Abstract 16505: Reprogramming Epigenetic Changes Blunts p66Shc-induced Vascular Dysfunction In Experimental and Human Obesity: Insights for Mechanisms-Based Therapeutic Strategies
Introduction: Epigenetic signatures may represent key modulators of oxidative stress in patients with obesity. The mitochondrial adaptor p66Shc is a major source of reactive oxygen species (ROS) in the vasculature.
Hypothesis: The present study was designed to investigate whether epigenetic regulation of p66Shc mediates vascular dysfunction in human and experimental obesity.
Methods: Visceral fat arteries (VFA) were isolated from 10 obese and 10 age-matched healthy subjects. To characterize the role of p66Shc, genetically obese mice (leptin deficient, LepOb/Obp66WT) were crossed with p66KO to generate double-mutant mice (LepOb/Obp66KO). Organ chamber experiments were performed to assess endothelium-dependent relaxations to acetylcholine (Ach, 10-9-10-4 mol/L). Mitochondrial superoxide anion (O2-) was assessed by ESR spectroscopy. mRNA and protein expression were assessed by real-time PCR and immunoblotting. Chromatin immunoprecipitation (ChIP) was performed to investigate epigenetic modifications on p66Shc promoter.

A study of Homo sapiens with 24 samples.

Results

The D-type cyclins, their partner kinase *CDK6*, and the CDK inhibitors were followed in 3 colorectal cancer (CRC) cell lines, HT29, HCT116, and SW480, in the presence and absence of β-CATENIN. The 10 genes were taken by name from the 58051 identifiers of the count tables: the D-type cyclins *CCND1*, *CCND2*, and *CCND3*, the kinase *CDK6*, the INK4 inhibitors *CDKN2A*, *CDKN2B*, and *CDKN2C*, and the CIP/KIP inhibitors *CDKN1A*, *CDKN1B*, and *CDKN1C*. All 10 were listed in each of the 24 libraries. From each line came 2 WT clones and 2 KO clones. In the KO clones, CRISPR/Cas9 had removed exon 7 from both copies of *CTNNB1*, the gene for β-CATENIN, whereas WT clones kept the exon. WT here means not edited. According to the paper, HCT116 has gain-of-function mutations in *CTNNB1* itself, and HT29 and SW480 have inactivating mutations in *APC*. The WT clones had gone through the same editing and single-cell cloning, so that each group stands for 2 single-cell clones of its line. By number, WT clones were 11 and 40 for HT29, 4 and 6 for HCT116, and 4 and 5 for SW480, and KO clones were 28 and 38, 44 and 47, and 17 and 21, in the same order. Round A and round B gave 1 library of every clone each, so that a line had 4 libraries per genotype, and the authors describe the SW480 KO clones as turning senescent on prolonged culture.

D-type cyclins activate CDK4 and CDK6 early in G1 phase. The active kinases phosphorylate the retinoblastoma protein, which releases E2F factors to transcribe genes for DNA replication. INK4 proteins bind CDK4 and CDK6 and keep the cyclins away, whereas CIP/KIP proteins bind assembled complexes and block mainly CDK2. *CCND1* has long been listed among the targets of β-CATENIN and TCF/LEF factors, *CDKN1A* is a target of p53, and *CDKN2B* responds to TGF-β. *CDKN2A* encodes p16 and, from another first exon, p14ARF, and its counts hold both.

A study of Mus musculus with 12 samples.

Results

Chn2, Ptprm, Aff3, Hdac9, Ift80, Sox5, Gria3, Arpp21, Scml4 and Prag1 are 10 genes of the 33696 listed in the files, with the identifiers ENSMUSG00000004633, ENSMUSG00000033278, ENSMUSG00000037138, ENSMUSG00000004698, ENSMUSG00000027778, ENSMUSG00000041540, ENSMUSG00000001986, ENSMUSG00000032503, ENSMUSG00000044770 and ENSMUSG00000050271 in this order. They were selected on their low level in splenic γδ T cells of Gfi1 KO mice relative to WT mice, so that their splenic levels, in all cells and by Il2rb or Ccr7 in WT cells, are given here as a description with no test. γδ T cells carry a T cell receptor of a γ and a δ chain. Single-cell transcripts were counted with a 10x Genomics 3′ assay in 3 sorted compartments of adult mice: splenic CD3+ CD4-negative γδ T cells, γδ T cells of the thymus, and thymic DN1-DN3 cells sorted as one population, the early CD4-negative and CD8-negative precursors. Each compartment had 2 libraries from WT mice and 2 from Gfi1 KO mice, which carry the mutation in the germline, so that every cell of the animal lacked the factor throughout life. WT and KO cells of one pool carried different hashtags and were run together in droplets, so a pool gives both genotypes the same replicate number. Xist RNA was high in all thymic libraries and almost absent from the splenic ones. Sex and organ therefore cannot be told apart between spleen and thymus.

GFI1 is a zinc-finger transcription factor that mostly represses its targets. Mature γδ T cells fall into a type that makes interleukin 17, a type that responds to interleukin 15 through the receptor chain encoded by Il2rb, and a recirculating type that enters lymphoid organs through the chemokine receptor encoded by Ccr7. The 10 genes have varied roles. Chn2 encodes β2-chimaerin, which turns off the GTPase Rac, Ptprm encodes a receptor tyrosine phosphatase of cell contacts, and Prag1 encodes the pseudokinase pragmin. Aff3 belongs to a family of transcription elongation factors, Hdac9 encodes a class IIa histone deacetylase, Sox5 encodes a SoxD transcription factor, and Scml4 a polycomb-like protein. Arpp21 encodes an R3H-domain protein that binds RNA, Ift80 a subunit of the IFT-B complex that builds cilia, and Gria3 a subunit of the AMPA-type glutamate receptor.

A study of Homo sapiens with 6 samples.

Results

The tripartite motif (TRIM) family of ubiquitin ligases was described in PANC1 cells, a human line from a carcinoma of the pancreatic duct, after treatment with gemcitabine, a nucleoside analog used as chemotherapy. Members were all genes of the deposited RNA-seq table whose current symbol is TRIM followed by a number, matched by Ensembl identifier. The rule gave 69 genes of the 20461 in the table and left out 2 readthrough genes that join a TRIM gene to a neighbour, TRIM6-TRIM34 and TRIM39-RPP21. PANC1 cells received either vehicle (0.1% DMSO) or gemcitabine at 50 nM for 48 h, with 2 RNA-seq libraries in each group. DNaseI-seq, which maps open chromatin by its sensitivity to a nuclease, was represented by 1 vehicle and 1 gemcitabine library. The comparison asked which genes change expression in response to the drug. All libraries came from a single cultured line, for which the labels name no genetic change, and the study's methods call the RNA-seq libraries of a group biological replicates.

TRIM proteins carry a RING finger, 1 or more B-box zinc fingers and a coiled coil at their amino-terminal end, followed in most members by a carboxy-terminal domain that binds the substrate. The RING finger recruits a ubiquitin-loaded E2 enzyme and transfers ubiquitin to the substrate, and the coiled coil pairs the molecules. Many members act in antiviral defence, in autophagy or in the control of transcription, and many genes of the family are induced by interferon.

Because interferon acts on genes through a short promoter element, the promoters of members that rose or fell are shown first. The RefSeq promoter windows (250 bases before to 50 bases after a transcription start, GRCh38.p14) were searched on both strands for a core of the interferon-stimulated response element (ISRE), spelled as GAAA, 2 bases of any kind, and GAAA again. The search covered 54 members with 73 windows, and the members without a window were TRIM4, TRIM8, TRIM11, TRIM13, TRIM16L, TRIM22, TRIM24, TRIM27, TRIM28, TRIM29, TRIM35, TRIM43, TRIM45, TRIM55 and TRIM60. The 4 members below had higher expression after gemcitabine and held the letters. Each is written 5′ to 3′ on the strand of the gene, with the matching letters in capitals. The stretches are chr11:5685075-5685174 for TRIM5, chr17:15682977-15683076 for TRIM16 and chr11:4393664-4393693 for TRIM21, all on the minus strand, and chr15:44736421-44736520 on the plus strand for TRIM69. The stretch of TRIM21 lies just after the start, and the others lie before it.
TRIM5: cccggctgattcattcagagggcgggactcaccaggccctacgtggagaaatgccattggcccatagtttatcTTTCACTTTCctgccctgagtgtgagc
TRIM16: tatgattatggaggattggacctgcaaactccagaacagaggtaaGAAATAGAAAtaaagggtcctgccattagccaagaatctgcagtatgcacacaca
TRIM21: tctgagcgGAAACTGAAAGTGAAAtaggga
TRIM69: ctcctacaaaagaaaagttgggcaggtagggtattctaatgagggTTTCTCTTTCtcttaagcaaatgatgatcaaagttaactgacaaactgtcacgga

Results: Maximal endothelium-dependent relaxation was impaired in VFA from obese as compared with controls (64.9%±4.8 vs 93±2.9, p<0.01). p66Shc expression was increased in obese vessels (AU, 1.5±0.3 vs 0.7±0.2, p<0.01) and correlated with mitochondrial oxidative stress (r= 0.76, p<0.01) and endothelial dysfunction (r= -0.47, p<0.01). Demethylation and acetylation at lysine 9 of histone 3 (H3K9) were the main epigenetic changes found on p66Shc promoter of obese subjects. Interestingly, H3K9 methyl-writing and acetyl-erasing enzymes SUV39H1 and SRC-1 were dysregulated in these vessels. Consistently, LepOb/Obp66KO were protected against endothelial dysfunction and mitochondrial oxidative stress as compared with LepOb/Obp66WT. Overexpression of SUV39H1 and knockdown of SRC-1 abolished p66Shc upregulation and ROS generation in endothelial cells isolated from LepOb/Obp66WT.
Conclusions: Reversible epigenetic signatures on p66Shc promoter drive obesity-induced vascular disease. Reprogramming these modifications may attenuate vascular damage in obese individuals.
- © 2013 by American Heart Association, Inc.